Stories, updates, insights, and original analysis from The Planetary Society.
Pushing ever farther into space, deeper into the asteroid belt, Dawn is continuing to progress smoothly on its solar system journey.
Dawn is outfitted with three ion thrusters, assigned the heartwarming names thruster #1, thruster #2, and thruster #3.
Dawn usually interrupts ion thrusting once a week for about eight hours to point its main antenna to Earth. On November 30, however, instead of resuming thrusting, it dutifully followed different instructions that were stored onboard.
Dawn entered the main asteroid belt on November 13. As it ventures ever deeper into this vast collection of material between Mars and Jupiter, it may be tempting to think of the spacecraft constantly dodging asteroids.
Dawn has devoted another month to thrusting with its ion propulsion system, ever with its sights set on its rendezvous with Vesta in July 2011.
Dawn is celebrating the second anniversary of leaving its home planet by engaging in the same function it has performed most of its time in space: with the utmost patience, it is using its ion propulsion system to gradually modify its orbit around the Sun.
As Dawn continues its long solar system journey to match orbits with Vesta and later with Ceres, some readers may note a surprising trend in the statistics for the mission.
Today Dawn is 220 million kilometers (137 million miles) from the star at the solar system's center.
Dawn's mission continues to go very well, as the spacecraft nears the end of the longest coasting period of its astronomical journey.
The upgraded Dawn spacecraft is now traveling in a new direction in its orbit around the Sun.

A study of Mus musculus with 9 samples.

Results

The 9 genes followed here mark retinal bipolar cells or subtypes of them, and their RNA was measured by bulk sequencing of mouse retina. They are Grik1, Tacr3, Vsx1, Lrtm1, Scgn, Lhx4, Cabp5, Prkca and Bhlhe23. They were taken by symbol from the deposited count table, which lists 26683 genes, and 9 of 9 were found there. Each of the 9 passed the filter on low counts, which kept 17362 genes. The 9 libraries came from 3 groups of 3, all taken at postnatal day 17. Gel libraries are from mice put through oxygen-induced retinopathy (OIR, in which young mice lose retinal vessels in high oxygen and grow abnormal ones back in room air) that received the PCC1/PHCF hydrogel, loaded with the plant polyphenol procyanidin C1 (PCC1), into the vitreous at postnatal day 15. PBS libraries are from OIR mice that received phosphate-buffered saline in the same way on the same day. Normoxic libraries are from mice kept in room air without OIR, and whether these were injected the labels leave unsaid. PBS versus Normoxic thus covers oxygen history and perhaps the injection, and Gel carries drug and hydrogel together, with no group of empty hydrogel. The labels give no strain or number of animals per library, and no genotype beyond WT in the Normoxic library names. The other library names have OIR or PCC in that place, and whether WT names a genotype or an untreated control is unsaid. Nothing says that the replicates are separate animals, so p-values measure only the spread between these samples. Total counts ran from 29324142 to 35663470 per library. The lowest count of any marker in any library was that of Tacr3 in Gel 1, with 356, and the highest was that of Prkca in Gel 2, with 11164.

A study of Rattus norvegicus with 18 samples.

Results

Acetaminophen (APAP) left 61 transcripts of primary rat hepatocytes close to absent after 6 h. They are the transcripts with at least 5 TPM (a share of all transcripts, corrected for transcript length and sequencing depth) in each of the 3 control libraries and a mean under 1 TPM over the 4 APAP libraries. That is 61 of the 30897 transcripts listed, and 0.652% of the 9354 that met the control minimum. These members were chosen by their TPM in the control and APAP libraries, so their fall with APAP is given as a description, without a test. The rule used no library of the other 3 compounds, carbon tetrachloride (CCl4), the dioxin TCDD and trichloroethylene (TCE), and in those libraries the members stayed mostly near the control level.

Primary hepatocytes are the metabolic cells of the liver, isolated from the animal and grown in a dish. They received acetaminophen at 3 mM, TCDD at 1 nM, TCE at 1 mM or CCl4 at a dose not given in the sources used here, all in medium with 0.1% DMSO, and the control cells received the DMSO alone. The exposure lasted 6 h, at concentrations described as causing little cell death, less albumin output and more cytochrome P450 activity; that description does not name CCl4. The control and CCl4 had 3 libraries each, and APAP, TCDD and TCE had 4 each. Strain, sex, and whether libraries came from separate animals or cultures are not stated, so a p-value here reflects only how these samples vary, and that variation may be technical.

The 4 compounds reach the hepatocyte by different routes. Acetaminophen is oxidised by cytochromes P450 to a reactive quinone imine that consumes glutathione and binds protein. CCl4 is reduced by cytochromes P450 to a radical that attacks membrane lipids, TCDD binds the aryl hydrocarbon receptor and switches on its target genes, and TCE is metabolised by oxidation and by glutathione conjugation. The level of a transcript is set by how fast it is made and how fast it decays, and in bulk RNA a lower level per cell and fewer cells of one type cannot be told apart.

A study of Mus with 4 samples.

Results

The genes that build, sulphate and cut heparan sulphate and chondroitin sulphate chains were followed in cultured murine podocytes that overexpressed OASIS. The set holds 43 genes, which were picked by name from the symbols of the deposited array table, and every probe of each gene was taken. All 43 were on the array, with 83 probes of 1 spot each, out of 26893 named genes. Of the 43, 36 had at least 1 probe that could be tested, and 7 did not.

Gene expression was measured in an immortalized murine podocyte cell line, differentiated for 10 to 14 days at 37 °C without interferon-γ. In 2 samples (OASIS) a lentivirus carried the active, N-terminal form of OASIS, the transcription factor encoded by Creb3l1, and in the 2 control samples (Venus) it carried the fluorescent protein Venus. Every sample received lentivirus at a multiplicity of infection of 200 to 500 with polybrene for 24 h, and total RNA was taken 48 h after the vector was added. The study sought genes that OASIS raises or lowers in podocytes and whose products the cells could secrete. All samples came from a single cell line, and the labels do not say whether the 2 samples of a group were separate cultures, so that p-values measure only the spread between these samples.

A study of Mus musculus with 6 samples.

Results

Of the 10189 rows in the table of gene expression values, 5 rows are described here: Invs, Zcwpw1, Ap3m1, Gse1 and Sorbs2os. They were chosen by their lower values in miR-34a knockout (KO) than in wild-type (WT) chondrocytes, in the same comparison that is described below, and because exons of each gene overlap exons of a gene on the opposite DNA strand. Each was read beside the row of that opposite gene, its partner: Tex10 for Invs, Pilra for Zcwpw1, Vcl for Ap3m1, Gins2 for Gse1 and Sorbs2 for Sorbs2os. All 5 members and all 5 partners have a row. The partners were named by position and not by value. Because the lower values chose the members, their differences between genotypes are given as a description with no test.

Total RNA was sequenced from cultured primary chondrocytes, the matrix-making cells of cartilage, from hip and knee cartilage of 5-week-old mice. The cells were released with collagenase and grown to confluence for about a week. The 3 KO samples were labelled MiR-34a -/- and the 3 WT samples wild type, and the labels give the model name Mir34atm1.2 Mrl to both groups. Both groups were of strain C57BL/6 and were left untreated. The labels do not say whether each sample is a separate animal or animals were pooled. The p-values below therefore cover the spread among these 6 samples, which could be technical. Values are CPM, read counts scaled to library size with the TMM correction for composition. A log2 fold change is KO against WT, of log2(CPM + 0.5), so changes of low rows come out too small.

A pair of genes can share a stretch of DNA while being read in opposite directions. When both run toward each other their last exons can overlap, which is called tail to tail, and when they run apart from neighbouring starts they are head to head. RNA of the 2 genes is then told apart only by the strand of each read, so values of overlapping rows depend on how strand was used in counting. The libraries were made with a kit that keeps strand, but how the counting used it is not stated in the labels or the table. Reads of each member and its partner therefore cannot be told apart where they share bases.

Perhaps what is most noteworthy and satisfying since the last log is not what Dawn did, but rather what it did not do.
Dawn swooped close to Mars and then left it behind on a new course, having taken advantage of Mars's gravity.
Dawn continues to close in on Mars, ready for the gravitational slingshot that will help it on its expedition to the asteroid belt and its quest to gain insights into the evolution of the solar system.
Dawn continues on course for its pas de deux with Mars on February 17. The planet's gravity will gracefully assist the spacecraft on its way to rendezvous with its intended celestial partners Vesta and Ceres in the more distant asteroid belt.
Having fulfilled all of its assignments for 2008, the Dawn spacecraft has been unusually quiescent recently.
The Dawn spacecraft is healthy and on course for its flyby of Mars early next year. The planet's gravity will help boost the probe on its way to rendezvous with Vesta.
The Dawn spacecraft continues on course and on schedule for its bold campaign to unexplored worlds.
On the first anniversary of its departure from Earth, Dawn continues with what it has been doing for most of its time in space. With the greatest patience, it is gently reshaping its orbit around the Sun with its ion propulsion system.
The Dawn spacecraft continues to make good progress on its adventure to unlock scientific secrets hidden deep in the main asteroid belt, between Mars and Jupiter.
Dawn continues its flight through the solar system with all systems functioning well.